MILWAUKEE -- Ryan Braun is starting to make a habit of consistently performing well in big games. And the more he does it, the more it comes to be expected.
When Braun crushed a 2-1 pitch from D-backs right-hander Daniel Hudson over the fence and just under the scoreboard in center in the first inning, it hardly came as a surprise. His two-out double to start a rally in the third? That's just what Braun does.
A lot of things have been written and said to describe Braun, but Brewers starter Zack Greinke, a man of few words, summed it up nicely after Sunday's 9-4 victory in Game 2 of the National League Division Series.
"When he gets hot, it's just a little hotter than he normally is," Greinke said. "But that's really good. Because when he's normal, it's better than most people when they're hot."
The most unlikely thing Braun did Sunday came in the fifth inning, when he worked the count to 2-1, and then 3-2, before being called out on strikes. An inning later, when he came up with two on and one out in the middle of the Brewers' five-run sixth, he delivered, singling to drive in a run.
Braun finished 3-for-4 on the day with three RBIs and two runs scored and fell just a triple shy of the cycle. With consecutive three-hit games, Braun is 6-for-8 this postseason with a homer, two doubles, three RBIs and four runs.
"He doesn't stop," said Brewers manager Ron Roenicke. "That's a good pitcher they have out there, and he really puts quality at-bats together to get those hits."
The obvious gameplan for the D-backs, and any other team that might face the Brewers this season, is to not let Braun or Prince Fielder beat them. That has not exactly worked for Arizona so far as the duo has nine hits, two homers and six RBIs between them in two games.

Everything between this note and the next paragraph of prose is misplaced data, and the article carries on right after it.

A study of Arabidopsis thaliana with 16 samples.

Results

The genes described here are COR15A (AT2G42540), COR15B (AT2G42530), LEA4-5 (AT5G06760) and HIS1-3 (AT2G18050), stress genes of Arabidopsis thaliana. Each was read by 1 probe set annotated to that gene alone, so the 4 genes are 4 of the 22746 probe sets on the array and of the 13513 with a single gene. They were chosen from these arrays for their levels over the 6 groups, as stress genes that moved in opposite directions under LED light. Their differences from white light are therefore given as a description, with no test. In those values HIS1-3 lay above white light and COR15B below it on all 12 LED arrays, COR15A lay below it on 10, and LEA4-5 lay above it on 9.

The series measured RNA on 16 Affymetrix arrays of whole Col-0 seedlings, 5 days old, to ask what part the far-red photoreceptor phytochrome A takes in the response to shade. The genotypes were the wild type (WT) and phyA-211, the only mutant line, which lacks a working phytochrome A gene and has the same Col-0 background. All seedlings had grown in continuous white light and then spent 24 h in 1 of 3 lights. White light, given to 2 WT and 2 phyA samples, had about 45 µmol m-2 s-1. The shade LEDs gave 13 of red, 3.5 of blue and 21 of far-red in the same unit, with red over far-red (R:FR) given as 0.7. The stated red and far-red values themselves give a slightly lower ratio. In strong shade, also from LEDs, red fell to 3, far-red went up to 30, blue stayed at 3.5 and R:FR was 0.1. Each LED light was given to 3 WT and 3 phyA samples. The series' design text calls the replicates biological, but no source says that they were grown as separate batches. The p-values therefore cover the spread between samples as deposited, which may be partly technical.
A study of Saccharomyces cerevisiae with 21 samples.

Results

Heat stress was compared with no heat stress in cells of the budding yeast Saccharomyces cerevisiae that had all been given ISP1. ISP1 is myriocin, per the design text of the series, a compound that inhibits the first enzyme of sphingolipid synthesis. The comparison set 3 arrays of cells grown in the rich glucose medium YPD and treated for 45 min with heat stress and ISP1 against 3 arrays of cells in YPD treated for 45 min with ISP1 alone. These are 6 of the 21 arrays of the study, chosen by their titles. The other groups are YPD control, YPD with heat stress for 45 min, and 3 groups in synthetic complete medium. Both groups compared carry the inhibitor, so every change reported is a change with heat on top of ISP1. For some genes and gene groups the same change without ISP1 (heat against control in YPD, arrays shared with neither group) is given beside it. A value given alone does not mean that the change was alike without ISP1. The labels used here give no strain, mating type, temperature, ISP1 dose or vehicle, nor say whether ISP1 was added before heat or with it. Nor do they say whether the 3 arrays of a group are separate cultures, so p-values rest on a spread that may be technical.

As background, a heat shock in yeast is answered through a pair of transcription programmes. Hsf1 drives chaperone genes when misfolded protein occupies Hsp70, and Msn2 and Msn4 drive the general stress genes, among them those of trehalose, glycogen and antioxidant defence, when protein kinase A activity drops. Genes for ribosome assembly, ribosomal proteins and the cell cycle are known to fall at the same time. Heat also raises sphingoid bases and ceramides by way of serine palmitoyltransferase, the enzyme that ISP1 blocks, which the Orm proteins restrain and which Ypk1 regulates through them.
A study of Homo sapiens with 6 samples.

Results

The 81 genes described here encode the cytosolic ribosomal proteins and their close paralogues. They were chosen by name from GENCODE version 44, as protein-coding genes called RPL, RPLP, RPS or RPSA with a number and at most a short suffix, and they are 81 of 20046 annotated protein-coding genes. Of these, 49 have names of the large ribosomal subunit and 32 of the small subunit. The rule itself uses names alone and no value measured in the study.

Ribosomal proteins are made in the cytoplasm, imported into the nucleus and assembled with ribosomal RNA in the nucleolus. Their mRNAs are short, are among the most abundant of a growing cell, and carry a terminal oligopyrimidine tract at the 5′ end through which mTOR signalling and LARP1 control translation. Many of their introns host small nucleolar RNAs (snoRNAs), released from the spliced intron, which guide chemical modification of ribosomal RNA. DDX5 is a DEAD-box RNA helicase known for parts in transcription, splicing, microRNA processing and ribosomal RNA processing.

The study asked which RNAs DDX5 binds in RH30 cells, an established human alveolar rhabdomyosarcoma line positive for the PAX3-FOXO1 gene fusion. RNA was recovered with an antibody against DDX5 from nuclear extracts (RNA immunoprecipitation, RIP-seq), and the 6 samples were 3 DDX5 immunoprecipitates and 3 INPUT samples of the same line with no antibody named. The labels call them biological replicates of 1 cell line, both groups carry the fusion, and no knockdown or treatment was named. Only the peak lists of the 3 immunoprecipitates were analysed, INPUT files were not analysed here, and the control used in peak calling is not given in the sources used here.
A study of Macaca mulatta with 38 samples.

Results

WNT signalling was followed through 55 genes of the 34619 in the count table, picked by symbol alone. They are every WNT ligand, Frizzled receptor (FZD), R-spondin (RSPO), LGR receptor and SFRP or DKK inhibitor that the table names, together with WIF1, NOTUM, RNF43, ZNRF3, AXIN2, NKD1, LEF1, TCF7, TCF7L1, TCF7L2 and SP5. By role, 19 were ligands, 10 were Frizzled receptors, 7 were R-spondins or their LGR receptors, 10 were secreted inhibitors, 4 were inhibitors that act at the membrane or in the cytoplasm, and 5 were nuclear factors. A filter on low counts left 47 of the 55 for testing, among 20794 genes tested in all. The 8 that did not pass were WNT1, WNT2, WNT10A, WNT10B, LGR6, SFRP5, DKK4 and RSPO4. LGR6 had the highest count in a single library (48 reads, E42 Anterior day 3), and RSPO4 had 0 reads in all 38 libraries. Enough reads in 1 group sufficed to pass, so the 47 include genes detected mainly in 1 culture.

"They're good hitters," said D-backs manager Kirk Gibson. "There's not much room for error when they're swinging the bats the way they are right now."
Down the stretch and in the postseason in 2008, the key for the Brewers was CC Sabathia -- although Braun also delivered a few timely hits and home runs.
This year, Braun has arguably been the Brewers' most important player. He put up numbers worthy of NL Most Valuable Player honors with 33 home runs, 111 RBIs, 33 stolen bases, a .597 slugging percentage and an OPS of .994.
Through two games, he has certainly made his case for being the most valuable player in this NLDS as well.
"Talking about the difference between '08 and now, we were all kind of young and looking for that impact. And Ryan's been our impact," Brewers right fielder Corey Hart said. "He's stepped up his game, [and] that's helped us as a team. He's a big reason why we're at 2-0. He wants the big situation, and we like to give it to him."
Jordan Schelling is an associate reporter for MLB.com. This story was not subject to the approval of Major League Baseball or its clubs.